With the United Kingdom voting on whether to stay or leave the European Union this week, most people think the possibility of a British exit, or Brexit, is strictly a European problem.
However, a vote to leave could have severe repercussions for Asia’s former members of the British Commonwealth, as well as Europe.
If the British vote to leave, most analysts predict the country would see a substantial loss of household wealth over time, falling exports, rising prices and possible recession.
However, the UK’s former colonies are also vulnerable to economic pain, said Dan Steinbock, the founder of Difference Group, in the South China Morning Post on Monday. Steinbock has also served as research director at the India, China and America Institute (US) and visiting fellow at the Shanghai Institutes for International Studies (China) and the EU Centre (Singapore).
Steinbock said Hong Kong, with Asia’s biggest trade, investment and financial links with the UK., would suffer the most, followed by Bangladesh, Singapore and Australia.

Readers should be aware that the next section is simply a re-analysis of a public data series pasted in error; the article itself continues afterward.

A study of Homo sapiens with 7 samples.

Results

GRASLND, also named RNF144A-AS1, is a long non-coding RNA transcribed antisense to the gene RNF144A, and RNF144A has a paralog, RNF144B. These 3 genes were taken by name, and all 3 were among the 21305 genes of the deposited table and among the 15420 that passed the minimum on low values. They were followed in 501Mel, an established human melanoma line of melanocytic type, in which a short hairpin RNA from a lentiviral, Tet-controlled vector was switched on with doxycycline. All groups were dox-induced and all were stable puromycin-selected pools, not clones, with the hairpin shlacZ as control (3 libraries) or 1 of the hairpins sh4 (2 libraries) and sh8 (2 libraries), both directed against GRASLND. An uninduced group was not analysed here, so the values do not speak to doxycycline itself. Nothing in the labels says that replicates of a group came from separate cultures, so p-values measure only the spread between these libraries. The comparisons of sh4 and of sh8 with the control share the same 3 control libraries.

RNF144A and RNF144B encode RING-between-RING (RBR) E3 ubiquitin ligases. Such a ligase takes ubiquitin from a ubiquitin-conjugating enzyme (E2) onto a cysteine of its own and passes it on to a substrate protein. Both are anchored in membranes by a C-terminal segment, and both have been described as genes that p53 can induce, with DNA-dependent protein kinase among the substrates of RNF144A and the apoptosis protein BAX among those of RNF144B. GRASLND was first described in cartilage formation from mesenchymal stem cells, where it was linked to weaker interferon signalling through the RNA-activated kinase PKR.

With the US, Japan and South Korea, as China’s largest trade partners, its not so vulnerable to British portfolio flows or bank claims.
However, the mainland is exposed to Brexit, considering that China reliant on Hong Kong as a financial intermediary.
On top of that, China has increased its economic cooperation with the UK, as evidenced by London’s decision to participate in the Asian Infrastructure Investment Bank and support the renminbi as an international reserve currency. A Brexit could endanger some of these achievements, said Steinbock
If the camp that wants to remain in the EU wins, a relief rally would drive the markets. The pound would appreciate against Asian currencies, the stocks and bonds of Asia’s emerging markets would benefit, while reduced uncertainty would support commodities.
However, if the people vote to leave, the pound would depreciate against the renminbi and other major Asian currencies. Emerging market equities and bonds would be shaken.